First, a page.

Unfortunately families dealing with addiction at home is not uncommon. What makes crystal meth different is how extremely addictive the substance is and the permanent brain damage it causes over time.
Largely what makes crystal meth a ticking time bomb is how little people know about it. For many of us, our first introduction to meth is when a family member comes home with the addiction and as one woman who experienced this herself explains, by then it's usually too late.
Dr. Mary Holley remembers how curious her youngest brother, Jim, was as a child, but in time, his curiosity got the better of him.
Holley says, "My brother was 22 when he got hooked on crystal. At his 22nd birthday party, he went to a party and his girlfriend turned him on to it. It was steadily downhill from there."
Holley adds, "I took him to a psychiatrist. They diagnosed him as paranoid schizophrenic."
Jim went to therapy and rehab. After ten months, he stopped having hallucinations and started showing real progress. Then on the first day of getting a new job in the area, he met a meth dealer and started using again. His symptoms returned. After attempting to commit suicide, Mary checked him into the hospital, hoping Jim would sign the papers necessary to stay admitted for more treatment, but he wouldn't.
Holley recalls what was going through Jim's mind. She says, "The drug dealers were in the hospital. They could see through the walls. They could read his mind. And so he checked out and three weeks later he found a gun at my uncle's house and blew his brains out."
Dr. Holley wanted to walk away from the horror, but by then, meth had infested her community. As an obstetrician, some of her patients, pregnant women, showed her the true cancer of crystal meth addiction.
Holley explains, "The child is hungry, he's tired, he's whiney, he crying. Give him some crystal and he'll shut up and go play with his toys for a few days. They use the drug as a chemical babysitter."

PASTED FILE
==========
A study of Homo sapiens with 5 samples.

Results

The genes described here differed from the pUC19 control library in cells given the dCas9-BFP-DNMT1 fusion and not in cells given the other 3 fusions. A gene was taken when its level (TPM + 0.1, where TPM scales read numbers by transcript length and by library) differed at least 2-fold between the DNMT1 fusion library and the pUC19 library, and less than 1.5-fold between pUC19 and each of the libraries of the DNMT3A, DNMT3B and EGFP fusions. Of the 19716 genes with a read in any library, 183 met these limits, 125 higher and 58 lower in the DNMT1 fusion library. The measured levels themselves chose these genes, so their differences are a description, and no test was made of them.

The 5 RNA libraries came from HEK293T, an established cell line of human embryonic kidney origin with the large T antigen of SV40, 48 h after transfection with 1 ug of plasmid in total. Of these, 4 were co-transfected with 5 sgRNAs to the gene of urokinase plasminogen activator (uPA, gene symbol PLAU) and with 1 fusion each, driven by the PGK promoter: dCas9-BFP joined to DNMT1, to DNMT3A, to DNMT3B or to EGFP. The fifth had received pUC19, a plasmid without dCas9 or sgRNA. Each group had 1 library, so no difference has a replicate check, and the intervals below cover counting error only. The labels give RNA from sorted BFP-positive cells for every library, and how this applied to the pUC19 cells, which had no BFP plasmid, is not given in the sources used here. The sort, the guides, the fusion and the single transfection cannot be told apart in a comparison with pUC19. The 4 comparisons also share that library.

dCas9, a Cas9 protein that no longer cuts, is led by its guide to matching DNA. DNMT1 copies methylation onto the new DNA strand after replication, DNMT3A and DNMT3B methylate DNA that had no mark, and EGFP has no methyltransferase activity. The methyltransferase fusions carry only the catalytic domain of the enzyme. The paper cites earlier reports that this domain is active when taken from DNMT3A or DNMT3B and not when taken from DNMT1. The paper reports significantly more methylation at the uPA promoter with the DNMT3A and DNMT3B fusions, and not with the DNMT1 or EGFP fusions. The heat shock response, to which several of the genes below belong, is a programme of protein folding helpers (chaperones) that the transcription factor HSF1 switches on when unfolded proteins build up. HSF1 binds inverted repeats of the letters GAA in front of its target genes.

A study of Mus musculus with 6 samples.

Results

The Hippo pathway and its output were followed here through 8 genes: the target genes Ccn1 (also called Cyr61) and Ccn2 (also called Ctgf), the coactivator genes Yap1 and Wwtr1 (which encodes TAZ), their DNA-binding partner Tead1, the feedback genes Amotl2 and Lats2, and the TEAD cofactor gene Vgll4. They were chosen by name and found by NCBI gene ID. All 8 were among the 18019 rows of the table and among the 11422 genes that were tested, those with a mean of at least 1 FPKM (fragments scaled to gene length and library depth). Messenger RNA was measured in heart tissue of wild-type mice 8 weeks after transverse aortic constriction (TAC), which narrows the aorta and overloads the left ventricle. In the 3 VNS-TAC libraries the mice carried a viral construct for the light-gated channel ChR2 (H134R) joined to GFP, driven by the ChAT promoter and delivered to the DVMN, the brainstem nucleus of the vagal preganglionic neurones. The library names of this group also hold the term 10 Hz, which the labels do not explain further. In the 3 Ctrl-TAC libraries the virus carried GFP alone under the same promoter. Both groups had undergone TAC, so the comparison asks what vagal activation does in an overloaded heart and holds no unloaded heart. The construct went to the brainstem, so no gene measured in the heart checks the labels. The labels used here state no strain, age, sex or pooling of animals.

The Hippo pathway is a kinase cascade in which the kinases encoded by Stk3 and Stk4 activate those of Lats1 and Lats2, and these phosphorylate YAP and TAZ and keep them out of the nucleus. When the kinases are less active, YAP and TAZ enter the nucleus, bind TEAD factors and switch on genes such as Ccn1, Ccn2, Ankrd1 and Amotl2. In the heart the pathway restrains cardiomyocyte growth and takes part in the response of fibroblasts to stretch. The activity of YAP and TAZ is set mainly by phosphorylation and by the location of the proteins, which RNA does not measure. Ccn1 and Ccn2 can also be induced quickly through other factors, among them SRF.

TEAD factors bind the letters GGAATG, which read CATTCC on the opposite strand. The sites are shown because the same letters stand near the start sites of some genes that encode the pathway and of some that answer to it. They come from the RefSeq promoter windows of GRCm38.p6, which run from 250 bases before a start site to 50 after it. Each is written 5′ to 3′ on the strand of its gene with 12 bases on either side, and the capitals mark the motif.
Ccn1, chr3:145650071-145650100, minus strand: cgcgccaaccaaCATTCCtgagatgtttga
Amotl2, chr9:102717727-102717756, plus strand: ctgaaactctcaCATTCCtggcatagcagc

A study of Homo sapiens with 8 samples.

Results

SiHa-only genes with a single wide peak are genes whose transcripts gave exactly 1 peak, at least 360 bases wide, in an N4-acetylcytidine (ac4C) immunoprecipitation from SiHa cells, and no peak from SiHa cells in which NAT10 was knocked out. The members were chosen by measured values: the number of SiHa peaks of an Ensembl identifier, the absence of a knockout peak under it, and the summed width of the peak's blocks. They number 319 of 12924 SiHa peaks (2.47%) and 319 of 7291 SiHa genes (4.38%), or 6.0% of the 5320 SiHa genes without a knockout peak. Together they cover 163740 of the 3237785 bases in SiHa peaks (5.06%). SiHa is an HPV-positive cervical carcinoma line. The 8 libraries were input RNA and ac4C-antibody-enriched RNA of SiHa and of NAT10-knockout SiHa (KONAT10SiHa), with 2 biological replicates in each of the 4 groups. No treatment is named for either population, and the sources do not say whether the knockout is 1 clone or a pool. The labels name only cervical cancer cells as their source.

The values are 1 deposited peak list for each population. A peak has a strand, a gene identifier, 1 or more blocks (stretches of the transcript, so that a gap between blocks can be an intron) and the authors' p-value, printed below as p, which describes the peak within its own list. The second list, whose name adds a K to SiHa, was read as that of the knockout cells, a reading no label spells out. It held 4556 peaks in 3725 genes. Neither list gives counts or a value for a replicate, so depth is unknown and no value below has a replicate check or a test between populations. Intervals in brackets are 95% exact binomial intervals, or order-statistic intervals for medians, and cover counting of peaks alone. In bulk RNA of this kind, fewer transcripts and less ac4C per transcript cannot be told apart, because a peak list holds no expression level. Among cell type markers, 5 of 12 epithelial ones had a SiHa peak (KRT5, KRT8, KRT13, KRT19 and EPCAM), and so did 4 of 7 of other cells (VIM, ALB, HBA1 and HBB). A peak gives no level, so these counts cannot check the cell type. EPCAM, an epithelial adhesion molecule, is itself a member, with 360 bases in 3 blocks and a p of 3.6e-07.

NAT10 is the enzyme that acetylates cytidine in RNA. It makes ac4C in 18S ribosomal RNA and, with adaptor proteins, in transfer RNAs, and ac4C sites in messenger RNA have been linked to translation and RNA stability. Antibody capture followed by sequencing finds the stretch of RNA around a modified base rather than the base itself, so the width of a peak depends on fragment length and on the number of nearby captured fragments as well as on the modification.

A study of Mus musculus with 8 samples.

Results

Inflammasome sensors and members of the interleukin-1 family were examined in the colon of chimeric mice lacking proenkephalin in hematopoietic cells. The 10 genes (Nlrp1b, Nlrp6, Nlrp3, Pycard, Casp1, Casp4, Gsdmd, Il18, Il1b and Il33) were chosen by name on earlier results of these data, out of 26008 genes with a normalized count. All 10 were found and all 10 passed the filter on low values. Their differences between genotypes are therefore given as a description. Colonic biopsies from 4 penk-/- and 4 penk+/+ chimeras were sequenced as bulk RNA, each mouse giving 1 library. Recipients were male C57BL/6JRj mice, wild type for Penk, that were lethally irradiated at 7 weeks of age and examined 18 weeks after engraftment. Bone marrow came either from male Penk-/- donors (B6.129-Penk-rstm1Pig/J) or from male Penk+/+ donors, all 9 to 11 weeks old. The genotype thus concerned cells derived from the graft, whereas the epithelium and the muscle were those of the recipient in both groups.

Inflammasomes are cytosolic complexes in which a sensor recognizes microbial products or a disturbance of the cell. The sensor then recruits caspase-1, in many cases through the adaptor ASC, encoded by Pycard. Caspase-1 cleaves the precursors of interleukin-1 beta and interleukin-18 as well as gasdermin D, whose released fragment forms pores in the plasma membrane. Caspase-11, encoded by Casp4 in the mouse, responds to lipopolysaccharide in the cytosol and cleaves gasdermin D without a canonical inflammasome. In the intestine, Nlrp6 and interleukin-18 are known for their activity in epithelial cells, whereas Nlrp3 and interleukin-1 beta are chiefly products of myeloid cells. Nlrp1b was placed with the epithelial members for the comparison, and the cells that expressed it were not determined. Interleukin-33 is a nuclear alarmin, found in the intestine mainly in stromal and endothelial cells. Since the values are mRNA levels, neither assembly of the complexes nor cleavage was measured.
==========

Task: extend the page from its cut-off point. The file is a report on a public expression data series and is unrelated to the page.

Dr. Holley drew from her medical and science background and began researching crystal meth. Scans of users' heads tell the whole story. While crystal meth creates an incredible sense of euphoria, the substance literally eats away at the brain.
Holley says, "When you put those pictures up and explain them and teach people how to understand a brain scan, they are floored and appalled at what this drug does to the human brain. And they should be."
Dr. Holley took her research and transformed it to a non-profit outreach program called Mothers Against Meth-Amphetamine. What began as a few articles in the Arab Tribune has grown an international audience. Holley travels to prisons and churches to offer hope to recovering addicts, but more importantly, to teach people about the hazards of meth before they make the fatal mistake of trying it.
Holley adds, "The real money is in prevention. If we can keep somebody from getting addicted in the first place that's going to save us many thousands of dollars in rehabilitation, child care, crime, and law enforcement, all the costs that go into a meth addiction."
Dr. Holley launched Mothers Against Meth-Amphetamine while she was still working full-time in her medical practice. She continues to run the organization now on solely on donations and the sales of her book and videos she's produced.
Holley's outreach is growing in popularity. Some schools across the country are using her book as required reading in health classes. People as far away as South Africa are taking her research and sharing it with their communities, a reminder of that crystal meth is truly a global epidemic.